This story comes from Shawn Kelly, a friend of Patagonia who works for the California Coastal Conservancy’s Wetlands Recovery Project. He is a husband, father of two boys and an avid fly-fisherman.
The van climbs through the warm night, away from the sun-baked, Central Valley leaving behind the traffic, the strip malls, and the masses. My addiction to the act of leaving is being fulfilled yet again. “I travel not to go anywhere,” Robert Louis Stevenson once said, “but to go.” Yes indeed.
A mere twenty minutes of preparation for the trip prior to leaving ensured that many things were forgotten; the result: an even deeper feeling of freedom and escape. We enter the mountains under the cover of darkness. Conversation is our company and the slangisms, no matter how overused, keep us amused in a way only close friends can understand.
Fast-forward to the next morning after a night spent sleeping under the stars with a river symphony playing in our ears. We hike along the river, getting ourselves ever deeper into nature’s belly, while getting further away from our familiar reality. As our view narrows, contained by the canyon walls, our perspective narrows and our thoughts simplify, yet our minds soar. We reach our unplanned destination, chosen for its idyllic impression, and commence casting fly’s and nymphs. The conversation is less frequent, and, at the same time, somehow different. We settle into a cycle: fish, swim, play with the dog, and repeat. Repeat. Repeat.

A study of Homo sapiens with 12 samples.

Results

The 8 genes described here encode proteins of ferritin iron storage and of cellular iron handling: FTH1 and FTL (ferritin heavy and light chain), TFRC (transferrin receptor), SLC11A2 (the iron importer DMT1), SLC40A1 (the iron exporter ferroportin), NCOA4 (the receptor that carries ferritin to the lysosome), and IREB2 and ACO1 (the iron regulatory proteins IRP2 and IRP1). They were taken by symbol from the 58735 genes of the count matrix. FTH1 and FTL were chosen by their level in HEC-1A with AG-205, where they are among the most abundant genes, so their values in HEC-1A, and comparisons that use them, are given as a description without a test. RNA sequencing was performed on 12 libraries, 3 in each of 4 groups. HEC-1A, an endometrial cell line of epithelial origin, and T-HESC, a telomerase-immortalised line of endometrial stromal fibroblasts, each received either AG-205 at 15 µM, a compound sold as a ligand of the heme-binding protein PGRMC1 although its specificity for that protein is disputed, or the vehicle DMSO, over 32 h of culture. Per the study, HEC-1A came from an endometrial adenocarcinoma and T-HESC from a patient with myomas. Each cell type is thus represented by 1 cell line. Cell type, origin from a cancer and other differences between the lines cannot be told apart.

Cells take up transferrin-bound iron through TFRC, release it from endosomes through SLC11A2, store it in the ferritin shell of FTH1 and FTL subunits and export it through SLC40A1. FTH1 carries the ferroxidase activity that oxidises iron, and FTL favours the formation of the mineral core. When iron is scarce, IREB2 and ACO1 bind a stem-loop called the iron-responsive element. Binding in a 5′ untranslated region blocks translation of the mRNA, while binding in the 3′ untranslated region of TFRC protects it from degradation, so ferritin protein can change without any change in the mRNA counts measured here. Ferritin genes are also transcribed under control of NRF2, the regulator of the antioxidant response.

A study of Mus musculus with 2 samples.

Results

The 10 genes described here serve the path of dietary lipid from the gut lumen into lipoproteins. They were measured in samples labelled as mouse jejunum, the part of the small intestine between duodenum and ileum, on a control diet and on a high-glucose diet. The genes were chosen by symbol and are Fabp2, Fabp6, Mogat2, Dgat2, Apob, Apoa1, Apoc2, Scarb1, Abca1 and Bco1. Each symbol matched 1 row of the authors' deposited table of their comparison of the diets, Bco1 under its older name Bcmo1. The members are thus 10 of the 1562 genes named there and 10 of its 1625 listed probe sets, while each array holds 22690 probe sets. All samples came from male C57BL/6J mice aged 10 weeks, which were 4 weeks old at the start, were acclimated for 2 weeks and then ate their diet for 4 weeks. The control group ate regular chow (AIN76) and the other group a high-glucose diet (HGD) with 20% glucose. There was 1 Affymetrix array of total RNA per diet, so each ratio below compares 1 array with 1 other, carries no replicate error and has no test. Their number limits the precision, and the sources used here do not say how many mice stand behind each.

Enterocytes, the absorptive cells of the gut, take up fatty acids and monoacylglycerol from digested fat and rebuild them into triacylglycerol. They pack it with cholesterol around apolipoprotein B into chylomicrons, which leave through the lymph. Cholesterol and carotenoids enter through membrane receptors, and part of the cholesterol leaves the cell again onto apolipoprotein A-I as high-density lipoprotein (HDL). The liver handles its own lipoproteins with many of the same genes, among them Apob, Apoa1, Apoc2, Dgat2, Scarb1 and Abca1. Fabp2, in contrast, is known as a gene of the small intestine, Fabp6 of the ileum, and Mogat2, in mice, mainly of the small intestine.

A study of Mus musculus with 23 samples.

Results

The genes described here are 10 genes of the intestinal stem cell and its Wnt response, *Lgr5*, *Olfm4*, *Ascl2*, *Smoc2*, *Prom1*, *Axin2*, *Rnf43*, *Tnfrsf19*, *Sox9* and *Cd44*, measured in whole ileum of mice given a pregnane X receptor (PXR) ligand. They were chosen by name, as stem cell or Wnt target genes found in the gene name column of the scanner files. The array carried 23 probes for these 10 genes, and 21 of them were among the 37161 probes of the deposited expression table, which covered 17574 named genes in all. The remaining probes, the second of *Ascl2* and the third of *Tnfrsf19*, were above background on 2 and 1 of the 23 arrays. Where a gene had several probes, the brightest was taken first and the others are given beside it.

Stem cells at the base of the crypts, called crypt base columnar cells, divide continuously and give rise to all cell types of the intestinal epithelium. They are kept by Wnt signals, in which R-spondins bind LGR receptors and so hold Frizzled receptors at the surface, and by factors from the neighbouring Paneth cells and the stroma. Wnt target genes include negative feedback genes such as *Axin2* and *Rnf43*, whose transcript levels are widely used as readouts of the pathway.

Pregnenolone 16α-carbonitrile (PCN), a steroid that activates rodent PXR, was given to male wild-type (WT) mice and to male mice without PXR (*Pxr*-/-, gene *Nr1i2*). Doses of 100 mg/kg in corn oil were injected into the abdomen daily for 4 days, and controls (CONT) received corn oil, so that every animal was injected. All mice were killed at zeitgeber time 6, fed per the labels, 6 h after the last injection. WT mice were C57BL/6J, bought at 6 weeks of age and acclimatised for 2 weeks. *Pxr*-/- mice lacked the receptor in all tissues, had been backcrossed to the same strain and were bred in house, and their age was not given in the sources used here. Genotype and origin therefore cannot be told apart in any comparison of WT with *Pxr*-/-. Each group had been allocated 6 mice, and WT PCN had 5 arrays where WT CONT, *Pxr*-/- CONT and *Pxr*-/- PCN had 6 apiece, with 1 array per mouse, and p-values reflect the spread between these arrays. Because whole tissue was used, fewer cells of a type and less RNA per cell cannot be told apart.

Swimming in the river’s rapids brings childhood sensations. The stifling heat of the land contrasted by the intense cold of the river invigorates. Catching fish is somehow unimportant, particularly since they are to be released anyway; the activity is merely a means to an end — an excuse to stand along the river and absorb its wonders. Our thoughts drift, reflecting on the past and the future, while not thinking about much in the present. The escape is complete.
The time away ends as I knew it would. The van takes us back, the world opening before us as we drop down from the majestic mountains. The dog sleeps soundly after so much swimming and fetching. During the drive home I somehow feel as if I have figured a few things out. I brace for reentry into daily life and know that the challenge is to carry with me from my short journey the sensations, thoughts, desires, motivations…the feelings of aliveness… the invigorating calmness…of travel and the outdoors, until the next escape.